Cryptic Edinburgh electronic duo Boards Of Canada bring us Tomorrow’s Harvest, an album which was initially first aired to fans in an abandoned theme park in California. If that sounds a little bizarre, more perplexing yet is the fact that the first traces of the record surfaced at Record Store Day 2013, when a vinyl was released which contained one of several secret code numbers.
The duo’s strong fan base eventually found out that the numbers were later used to promote the release of a new record, BOC’s first in eight years. Clues revealing information about the album were found in all sorts of places, including Cartoon Network adverts, BBC Radio 1 and even at Toyko intersections. The marketing campaign for Tomorrow’s Harvest was as forward-thinking as BOC’s music. It made the album promotion strategies recently adopted by Kanye West and Daft Punk seem prosaic in comparison.
After the fanfare jingle on the opener Gemini, the ominous strings which follow suggest to the listener that Tomorrow’s Harvest is BOC’s darkest and most dystopian record yet. The majority of the album is dark and sinister, especially compared to some of the tracks on their earlier effort The Campfire Headphase. It is only on tracks like Nothing Is Real, with its nostalgic rhodes and lingering high-pitched strings, in which there is much of a reminiscence of a more brighter-sounding BOC.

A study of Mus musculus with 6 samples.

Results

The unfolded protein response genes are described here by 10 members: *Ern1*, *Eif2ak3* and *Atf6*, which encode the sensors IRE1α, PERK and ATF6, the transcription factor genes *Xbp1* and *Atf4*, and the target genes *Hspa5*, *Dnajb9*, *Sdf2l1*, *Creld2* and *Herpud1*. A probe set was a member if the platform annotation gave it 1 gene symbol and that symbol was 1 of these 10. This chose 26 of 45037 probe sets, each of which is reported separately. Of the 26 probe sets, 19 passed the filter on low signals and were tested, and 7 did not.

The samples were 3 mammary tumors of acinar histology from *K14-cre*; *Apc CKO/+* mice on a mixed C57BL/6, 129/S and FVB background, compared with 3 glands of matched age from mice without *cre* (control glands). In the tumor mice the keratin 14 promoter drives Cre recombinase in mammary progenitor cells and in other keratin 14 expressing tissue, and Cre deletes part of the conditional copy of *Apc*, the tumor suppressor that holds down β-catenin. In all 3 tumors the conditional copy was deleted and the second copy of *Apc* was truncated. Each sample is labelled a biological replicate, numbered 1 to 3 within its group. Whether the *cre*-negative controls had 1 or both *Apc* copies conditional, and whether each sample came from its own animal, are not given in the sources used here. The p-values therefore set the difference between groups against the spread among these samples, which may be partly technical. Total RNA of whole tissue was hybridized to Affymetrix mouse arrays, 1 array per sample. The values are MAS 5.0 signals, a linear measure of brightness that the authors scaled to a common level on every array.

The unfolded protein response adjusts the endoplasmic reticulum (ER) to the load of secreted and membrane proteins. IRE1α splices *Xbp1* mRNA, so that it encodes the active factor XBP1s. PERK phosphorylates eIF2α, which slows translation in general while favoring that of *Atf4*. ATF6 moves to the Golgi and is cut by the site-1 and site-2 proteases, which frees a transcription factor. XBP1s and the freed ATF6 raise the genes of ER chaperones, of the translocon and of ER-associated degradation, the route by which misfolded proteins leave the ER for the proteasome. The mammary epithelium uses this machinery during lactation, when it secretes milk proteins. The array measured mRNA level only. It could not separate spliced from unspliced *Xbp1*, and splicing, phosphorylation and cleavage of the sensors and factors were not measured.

The record is as smart as it is dark, and is filled with wavy arpeggios and analogue synth sounds. The abundance of musical subtleties reminds the listener on why BOC are such a unique act. The rattle of Sick Times and the off-kilter funk of Jacquard Causeway further demonstrate BOC’s ability to draw the listener into an electro-induced trance.
The drum programming on Tomorrow’s Harvest is more advanced than it has ever been on other BOC records. This is especially evident on the lead single, Reach For The Dead. Despite this, many of the highlights on the record are beatless – for example, the stirring White Cyclosa, which successfully creates a sense of feeling slightly on edge.
Elsewhere, on Telepath, we hear elements of vocals, which involve demonic counting: “Testing/1/2/3/4/5/6/7/8/9/10/Up/Down”. These raspy vocals appear on several tracks on the album, and are distorted in a way which makes each recording sound uncanny. The remarkable New Seeds revolves around a thrashing synth buzz which later blends well with chimes and string layers. Before you know it, the track descends into an eerie mist which leads nicely onto the beautiful mirage of Come To Dust.
Tomorrow’s Harvest is an impossible record to get your head around on first listen – each song on the album is incredibly intricate and instrumentally-dense. You can tell that this album will require a good deal of your time if you are to appreciate it fully. It is full of complex electronic compositions, which will mess with your head if you let them. At times, it is a little overwhelming over the 17 tracks, but there are plenty of beautiful moments here, the sort of moments which continue to propel BOC well ahead of many of their IDM contemporaries.